Posted Dec 18 2008 8:14pm

Having high blood glucose levels in early pregnancy may be why babies of women with diabetes are two to five times more likely to develop birth defects than offspring of women without diabetes, suggests a study fromJoslin Diabetes Center researchers.

The findings, published in the October issue of the American Journal of Physiology: Endocrinology and Metabolism, show thatblood glucose levels early in pregnancy may deprive an embryo of oxygen, interfering with its development, leading to birth defects, especially of the heart and spinal cord.

This study points out the importance of maintaining blood glucose control during pregnancy, especially the first eight weeks, when the embryo's organs are forming, stresses out lead investigator Mary R. Loeken, Ph.D., an investigator in Joslin's Section on Developmental and Stem Cell Biology and Assistant Professor of Medicine at Harvard Medical School.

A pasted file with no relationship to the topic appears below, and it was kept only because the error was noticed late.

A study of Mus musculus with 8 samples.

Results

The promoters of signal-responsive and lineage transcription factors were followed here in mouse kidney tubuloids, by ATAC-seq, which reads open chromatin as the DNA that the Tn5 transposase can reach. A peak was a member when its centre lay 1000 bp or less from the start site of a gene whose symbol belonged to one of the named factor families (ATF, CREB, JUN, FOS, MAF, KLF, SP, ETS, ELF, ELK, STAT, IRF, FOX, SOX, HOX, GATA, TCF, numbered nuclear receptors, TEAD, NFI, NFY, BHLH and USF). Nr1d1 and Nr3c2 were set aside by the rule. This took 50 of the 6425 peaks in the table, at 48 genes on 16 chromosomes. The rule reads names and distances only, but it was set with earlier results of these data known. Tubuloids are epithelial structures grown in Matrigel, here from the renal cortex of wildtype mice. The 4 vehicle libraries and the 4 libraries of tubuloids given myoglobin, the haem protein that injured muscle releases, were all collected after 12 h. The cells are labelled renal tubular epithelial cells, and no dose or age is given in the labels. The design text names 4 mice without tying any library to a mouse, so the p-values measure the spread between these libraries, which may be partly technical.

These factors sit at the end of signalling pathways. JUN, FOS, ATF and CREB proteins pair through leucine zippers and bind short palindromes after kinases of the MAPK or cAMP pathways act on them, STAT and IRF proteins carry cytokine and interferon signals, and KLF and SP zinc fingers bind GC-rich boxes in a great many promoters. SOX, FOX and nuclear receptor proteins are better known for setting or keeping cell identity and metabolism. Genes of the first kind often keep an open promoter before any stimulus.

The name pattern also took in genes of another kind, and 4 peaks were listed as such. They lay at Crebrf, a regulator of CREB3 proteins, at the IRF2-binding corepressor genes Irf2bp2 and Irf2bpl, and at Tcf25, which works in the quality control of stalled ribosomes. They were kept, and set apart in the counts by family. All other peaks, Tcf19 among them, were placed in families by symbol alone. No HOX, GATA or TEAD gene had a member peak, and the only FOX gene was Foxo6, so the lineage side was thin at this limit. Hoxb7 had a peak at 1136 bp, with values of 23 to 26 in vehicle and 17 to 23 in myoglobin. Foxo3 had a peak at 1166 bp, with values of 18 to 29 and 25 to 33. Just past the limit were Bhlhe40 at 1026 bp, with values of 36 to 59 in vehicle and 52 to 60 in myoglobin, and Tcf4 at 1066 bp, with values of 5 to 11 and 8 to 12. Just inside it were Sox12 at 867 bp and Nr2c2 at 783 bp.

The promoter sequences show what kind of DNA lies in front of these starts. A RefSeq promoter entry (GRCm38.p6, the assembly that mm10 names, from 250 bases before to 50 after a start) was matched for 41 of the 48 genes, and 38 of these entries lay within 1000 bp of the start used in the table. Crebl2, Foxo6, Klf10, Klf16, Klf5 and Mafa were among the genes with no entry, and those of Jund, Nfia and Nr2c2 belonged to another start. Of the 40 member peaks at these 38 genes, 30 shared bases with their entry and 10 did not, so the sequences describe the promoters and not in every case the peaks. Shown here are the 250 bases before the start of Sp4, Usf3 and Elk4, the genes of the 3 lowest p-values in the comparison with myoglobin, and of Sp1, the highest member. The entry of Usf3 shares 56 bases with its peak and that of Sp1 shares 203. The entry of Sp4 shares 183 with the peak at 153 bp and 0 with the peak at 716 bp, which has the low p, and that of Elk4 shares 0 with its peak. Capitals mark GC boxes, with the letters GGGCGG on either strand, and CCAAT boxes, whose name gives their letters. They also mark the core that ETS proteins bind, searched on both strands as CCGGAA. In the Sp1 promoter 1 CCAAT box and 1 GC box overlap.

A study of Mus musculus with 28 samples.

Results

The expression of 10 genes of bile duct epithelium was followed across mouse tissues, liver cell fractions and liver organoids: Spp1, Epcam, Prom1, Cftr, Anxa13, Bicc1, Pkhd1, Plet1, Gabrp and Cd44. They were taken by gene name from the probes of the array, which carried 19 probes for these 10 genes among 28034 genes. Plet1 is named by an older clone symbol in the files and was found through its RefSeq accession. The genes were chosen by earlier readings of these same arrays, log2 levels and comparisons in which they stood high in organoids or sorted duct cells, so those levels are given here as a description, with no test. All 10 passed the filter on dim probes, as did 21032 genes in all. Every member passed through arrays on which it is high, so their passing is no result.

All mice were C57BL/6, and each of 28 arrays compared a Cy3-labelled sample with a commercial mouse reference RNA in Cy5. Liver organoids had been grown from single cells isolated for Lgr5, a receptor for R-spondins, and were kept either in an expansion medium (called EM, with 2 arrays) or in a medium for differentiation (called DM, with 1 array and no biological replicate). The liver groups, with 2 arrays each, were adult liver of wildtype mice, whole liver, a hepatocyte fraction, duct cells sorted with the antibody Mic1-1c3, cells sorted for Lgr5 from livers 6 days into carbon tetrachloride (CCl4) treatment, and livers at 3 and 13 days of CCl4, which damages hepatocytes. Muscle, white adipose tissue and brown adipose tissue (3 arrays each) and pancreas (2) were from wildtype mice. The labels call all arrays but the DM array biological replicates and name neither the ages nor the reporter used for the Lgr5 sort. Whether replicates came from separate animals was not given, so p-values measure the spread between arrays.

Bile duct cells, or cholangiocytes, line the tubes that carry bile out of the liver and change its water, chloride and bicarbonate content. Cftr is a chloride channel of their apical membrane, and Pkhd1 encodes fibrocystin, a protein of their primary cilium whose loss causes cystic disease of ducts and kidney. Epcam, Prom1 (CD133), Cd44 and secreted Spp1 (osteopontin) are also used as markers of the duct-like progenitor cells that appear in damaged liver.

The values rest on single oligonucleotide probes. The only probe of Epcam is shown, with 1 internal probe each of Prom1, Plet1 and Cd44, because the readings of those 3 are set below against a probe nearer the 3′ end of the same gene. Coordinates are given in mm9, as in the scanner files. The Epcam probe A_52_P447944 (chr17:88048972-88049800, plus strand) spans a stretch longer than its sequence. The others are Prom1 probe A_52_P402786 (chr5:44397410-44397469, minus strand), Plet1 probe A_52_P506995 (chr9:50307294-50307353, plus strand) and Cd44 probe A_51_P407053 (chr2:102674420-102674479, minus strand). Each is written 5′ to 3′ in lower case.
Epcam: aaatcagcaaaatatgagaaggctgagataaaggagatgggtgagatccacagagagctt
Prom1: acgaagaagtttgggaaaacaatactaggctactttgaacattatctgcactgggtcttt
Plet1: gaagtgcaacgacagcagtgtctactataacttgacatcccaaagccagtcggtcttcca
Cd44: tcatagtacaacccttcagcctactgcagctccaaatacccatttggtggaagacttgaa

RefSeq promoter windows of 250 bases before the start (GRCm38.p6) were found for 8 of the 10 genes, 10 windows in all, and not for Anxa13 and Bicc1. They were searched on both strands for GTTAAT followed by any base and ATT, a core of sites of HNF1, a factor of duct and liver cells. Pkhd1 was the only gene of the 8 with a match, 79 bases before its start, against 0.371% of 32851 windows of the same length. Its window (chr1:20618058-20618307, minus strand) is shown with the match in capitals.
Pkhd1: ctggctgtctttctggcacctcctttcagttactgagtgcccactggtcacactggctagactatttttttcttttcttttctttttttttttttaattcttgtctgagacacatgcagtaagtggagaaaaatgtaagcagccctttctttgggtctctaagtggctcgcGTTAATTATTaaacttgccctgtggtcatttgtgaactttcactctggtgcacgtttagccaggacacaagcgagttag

Dr. Loeken also advises obese women who become pregnant to get tested for diabetes.

This study is yet another of many studies that illustrate just how important it is to keep tight control on your blood glucose levels, especially if you're a diabetic.

One of the best ways to keep your glucose levels stable is to stay away or only minimally eat foods that cause big shifts in your blood sugar levels -- that means dessert foods and processed carbs. Of course, regular exercise and properly taking your medication help, too.

Are you diabetic and/or obese? Need some help to quit your sugar habit? Join my free, online KickSugar group.